1 April 2016

Jennifer Williams, PhD
Executive Director, Bluebonnet Equine Humane Society
888 542 5163


Bluebonnet Equine Humane Society Celebrates ASPCA Help A Horse Day with Events in College Station

Community support needed to give the rescue a chance to win up to $25,000 from the ASPCA to help save more horses

(College Station, Texas: April 2016) – Bluebonnet Equine Humane Society (BEHS) will be celebrating the ASPCA® (The American Society for the Prevention of Cruelty to Animals®) national Help A Horse Day and competing with rescues across the country for a chance to win up to $25,000 in prizes to assist with their efforts to protect horses.  Founded in 2005, Bluebonnet has rescued 804 abandoned, abused, and neglected equines.  BEHS’ Bluebonnet in Bloom celebrates the organization’s horses and volunteers with at least four events in College Station in April. The rescue kicks off the month-long celebration with a presentation to the A&M Consolidated High School FFA about rescue work.  They then follow with informational booths at Texas A&M Veterinary School’s Open House on April 16 from 9am-4pm, Kyle Field Day on April 23 from noon to 4pm, and the College Station Tractor Supply Company on April 23 from 9:30am-2pm. You can stop by any of the booths to learn more what the rescue does, to see photos of horses available for adoption, and to learn how you can get involved.

The goal of the nationwide Help a Horse Day’s competition is for local rescues to raise awareness about the lifesaving work they do year-round to care for at-risk horses in their community who have often been abused or neglected. Horses have been central to the ASPCA’s work since its founding 150 years ago, when Henry Bergh stopped a cart driver from beating his horse, resulting in the first successful arrest for the mistreatment of a horse on April 26, 1866.

Funds raised by Bluebonnet in Bloom will be used locally to help law enforcement agencies in Texas investigate reports of neglect or abuse, remove abused, neglected, and abandoned horses and other equines, and to provide food, medical care, and foster homes to rehabilitate those equines. None of the funds raised at Bluebonnet in Bloom events go to the ASPCA® or other organizations.

“This will be our first year competing in the Help a Horse event. I hope the community comes out to support our horses, volunteers, and organization. The more people who attend our events during April and greater the number of new volunteers and funds we raise, the better the chance we have of winning one of the prizes from the ASPCA®. Those funds will allow us to help even more horses this year,” said Dr. Jennifer Williams, Executive Director of Bluebonnet Equine Humane Society.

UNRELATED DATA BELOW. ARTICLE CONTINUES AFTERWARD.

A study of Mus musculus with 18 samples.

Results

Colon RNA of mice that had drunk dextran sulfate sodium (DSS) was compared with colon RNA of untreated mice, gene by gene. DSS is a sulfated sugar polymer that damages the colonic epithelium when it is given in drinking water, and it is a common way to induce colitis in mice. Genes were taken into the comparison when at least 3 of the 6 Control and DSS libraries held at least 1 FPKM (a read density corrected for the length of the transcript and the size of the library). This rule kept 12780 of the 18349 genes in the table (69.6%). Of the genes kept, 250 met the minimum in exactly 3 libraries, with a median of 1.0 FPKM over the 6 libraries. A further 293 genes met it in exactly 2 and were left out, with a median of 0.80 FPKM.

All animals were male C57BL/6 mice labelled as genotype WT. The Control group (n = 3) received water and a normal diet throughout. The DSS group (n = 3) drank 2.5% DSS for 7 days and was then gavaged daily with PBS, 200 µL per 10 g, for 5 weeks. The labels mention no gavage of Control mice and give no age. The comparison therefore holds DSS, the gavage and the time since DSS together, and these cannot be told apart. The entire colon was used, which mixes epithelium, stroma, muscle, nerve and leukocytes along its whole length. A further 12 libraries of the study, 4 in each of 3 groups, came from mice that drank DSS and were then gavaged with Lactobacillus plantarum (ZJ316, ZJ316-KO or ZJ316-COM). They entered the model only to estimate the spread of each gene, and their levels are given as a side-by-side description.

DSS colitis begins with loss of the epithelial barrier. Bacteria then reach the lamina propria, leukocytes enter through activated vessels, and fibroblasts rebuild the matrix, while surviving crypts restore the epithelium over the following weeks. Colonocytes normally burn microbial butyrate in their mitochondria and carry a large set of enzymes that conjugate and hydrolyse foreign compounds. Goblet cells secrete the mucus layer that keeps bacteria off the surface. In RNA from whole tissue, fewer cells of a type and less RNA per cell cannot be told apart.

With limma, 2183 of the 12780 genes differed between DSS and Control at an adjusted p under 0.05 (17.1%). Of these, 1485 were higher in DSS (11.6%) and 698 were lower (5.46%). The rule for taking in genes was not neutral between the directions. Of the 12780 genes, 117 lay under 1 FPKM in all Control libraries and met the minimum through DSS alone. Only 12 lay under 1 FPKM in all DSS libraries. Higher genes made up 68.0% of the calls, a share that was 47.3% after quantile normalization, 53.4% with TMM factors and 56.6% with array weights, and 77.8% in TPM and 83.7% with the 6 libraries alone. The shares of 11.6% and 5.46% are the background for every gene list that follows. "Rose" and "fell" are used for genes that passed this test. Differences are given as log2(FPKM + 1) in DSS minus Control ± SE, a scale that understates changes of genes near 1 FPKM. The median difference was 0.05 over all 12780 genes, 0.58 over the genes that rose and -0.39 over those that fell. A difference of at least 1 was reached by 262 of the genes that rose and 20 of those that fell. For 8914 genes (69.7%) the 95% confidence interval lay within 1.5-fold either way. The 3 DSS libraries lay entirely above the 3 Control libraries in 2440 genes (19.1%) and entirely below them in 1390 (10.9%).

Other Bluebonnet in Bloom events include:
• Informational booths in Houston, La Grange, New Braunfels, Temple, and Waco throughout April
• An online photo event featuring a photo competition and featuring individual rescue horse’s stories (April 23-24)
• Silent auction and horses to meet the public at the Navasota Tractor Supply (April 23)
• Benefit trail ride, silent auction, and Bluebonnet horses available to meet the public in Sisterdale (Boerne area) (April 23)
• Low-cost equine vaccination clinic in La Grange (April 23)
• 25% off of adoption fees for any horse adopted in the month of April.

For a complete list of Bluebonnet in Bloom events, visit our website http://www.bluebonnetequine.org/index.php/news/future-events.  Bluebonnet is still looking for other venues for events in April.  If you are an event organizer and would like to include Bluebonnet in your event, please contact the rescue.

When you attend a Bluebonnet in Bloom event, donate, or volunteer, you help horses like Maggie Mae.  Maggie Mae came to Bluebonnet from a neglect case, and her foster “mom” Ann tells her story best, “She arrived on a cold, damp, windy day early in January.  When the trailer door opened, her legs were trembling.  She backed out of the trailer off-balance but didn’t fall.  She was bones covered by skin covered by long hair caked with mud.  She had big, dark, kind eyes.  I named her Maggie Mae.  During the first two weeks, I worried Maggie would get sick eating too much too fast for her shrunken stomach and gut to handle.  So I fed her small portions of grain and hay four times a day and left hay for an overnight snack.  Having an ample, reliable food supply was the basic reassurance she needed.  People rehabbing neglected horses get their reward from small but significant events.  One morning Maggie snickered when she saw me bringing food.  In February, Maggie was strong enough to trot for the first time – head and tail up, naturally collected.  A few weeks later she cantered a serpentine toward the barn—doing flying lead changes!  One evening early in March, while I was brushing her, Maggie turned her head, gently nudged my arm with her nose and then, when I turned toward her, rested her forehead on my chest.  Maggie Mae is going to be ok.”

For more information about Bluebonnet Equine Humane Society and Bluebonnet in Bloom, please visit http://www.bluebonnetequine.org or http://www.facebook.com/BluebonnetEquineHumaneSociety or call (888) 542 5163.